21 Dunning-Kruger effect

The Dunning-Kruger effect (AKA the Facebook friends Phenomenon) is a cognitive bias where the confidence of an individual on a given topic is disproportionately higher than the individual’s knowledge on that topic. In other words, a little knowledge makes you feel like an expert, but the more you learn the more you know you don’t know. That is what is explained by the Dunning-Kruger Effect.

File:Dunning–Kruger effect.jpg - Wikimedia Commons
People get really confident with a little knowledge.
From Wikicommons

I call it the Facebook Friends Fallacy for obvious reasons. Every one of us have that friend who reads one article and is suddenly an expert in international policy or healthcare policy or whatever the particular topic of the conversation is. Simply because there is a wealth of knowledge available to us these days doesn’t make us experts in any of those areas. Just because you read an article from one particular view (which probably agreed with you already because we all seek confirmation of our own beliefs)

How can this help you be better in life? By understanding the way your own brain (and ego) may be working against you. Because you are aware you can be on guard for your own hubris if you are on the left side of the graph, a little knowledge, and a lot of confidence.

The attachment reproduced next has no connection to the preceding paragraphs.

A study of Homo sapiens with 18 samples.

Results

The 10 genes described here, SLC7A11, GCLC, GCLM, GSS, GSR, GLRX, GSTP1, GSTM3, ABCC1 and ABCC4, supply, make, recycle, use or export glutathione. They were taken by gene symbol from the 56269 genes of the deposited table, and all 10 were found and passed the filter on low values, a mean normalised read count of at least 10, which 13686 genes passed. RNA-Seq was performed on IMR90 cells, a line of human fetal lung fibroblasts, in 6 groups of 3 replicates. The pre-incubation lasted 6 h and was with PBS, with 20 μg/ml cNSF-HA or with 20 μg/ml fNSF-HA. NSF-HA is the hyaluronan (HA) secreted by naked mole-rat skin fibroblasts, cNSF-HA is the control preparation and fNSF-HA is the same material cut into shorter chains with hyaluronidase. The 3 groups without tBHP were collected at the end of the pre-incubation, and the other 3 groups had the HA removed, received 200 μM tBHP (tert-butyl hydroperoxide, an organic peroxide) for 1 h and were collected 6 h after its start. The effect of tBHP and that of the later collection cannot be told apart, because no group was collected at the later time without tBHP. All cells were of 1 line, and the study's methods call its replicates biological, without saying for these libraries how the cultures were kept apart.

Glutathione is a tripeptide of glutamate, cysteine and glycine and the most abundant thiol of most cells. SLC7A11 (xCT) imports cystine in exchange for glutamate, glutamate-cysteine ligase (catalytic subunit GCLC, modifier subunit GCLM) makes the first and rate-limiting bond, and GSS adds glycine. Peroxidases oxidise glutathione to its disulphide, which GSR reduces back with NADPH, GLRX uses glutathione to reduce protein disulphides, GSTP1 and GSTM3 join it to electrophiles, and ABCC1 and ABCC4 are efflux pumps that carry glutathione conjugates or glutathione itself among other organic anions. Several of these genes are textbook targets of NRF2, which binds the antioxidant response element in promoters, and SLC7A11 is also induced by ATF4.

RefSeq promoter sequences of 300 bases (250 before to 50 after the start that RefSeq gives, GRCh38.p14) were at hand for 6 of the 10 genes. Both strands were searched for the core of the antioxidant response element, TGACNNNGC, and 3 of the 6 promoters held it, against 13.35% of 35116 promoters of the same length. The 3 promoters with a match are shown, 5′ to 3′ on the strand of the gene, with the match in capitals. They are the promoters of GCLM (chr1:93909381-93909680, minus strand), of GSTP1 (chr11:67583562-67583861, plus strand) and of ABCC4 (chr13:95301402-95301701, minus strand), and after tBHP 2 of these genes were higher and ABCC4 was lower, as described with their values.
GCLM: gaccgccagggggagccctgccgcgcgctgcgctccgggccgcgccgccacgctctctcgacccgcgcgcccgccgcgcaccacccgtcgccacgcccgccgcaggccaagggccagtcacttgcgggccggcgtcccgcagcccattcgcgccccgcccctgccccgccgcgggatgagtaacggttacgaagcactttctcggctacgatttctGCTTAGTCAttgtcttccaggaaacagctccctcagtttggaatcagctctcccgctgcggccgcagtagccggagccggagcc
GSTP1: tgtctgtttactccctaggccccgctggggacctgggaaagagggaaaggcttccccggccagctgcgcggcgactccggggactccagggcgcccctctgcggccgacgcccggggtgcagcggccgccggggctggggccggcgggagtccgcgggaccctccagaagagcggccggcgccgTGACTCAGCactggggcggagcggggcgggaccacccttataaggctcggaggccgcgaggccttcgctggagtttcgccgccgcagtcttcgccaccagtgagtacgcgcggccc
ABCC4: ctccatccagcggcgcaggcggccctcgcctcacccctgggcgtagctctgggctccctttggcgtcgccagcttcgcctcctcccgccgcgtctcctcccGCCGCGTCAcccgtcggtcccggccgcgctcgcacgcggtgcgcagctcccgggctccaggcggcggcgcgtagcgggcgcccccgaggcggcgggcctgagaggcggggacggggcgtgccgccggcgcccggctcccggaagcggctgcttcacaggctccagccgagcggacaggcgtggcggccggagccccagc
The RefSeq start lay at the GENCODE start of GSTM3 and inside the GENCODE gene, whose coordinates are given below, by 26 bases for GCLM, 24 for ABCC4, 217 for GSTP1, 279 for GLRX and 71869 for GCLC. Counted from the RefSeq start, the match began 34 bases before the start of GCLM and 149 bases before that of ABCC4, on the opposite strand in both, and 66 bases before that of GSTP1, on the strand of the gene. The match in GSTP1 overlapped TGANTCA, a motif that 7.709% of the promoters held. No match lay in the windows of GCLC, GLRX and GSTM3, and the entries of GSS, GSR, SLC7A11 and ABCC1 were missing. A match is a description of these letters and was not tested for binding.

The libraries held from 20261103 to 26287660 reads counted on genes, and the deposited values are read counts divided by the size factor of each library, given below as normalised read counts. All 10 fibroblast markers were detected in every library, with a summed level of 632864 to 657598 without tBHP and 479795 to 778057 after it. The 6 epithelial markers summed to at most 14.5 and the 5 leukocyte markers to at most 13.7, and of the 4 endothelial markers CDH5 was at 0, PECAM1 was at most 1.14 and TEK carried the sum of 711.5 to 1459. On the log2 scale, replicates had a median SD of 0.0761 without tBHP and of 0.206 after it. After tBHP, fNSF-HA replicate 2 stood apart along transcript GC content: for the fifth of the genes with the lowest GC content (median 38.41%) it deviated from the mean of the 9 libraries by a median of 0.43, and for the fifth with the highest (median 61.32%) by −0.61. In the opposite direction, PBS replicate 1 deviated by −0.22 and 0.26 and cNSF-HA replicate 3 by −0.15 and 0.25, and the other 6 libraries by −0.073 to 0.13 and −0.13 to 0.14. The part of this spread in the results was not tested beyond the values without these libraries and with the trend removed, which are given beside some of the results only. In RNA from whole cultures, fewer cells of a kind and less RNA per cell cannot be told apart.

It can also help you to know when you should have more confidence in a particular area. If you have actually studied a topic from various sides over a longer period of time you may realize that you are still a novice but you should also realize that you may know a thing or two.

It is a tricky balance to strike but understanding how the Dunning-Kruger Effect works will help you understand your place on the curve and how you should react to that friend from high school who is suddenly an epidemiologist.

But the effect doesn’t just apply to knowing and applying objective facts. Sheldon, Ames, and Dunning explored emotional intelligence in relation to the Dunning Kruger effect in their 2010 study. So we all can have very inaccurate ideas of our own technical, intellectual or interpersonal skills.

Dunning-Kruger Solutions

  1. Get honest feedback – This can be really hard because feedback isn’t something we do or receive well as a species, but if you have someone willing to give it it can be a precious gift.
  2. Keep Learning – Whatever area of life you find yourself interested in keep learning and growing in that area so you can keep moving to the right of the Dunning-Kruger curve
  3. Stay humble – Ask more and declare less it prevents you from eating crow in the future.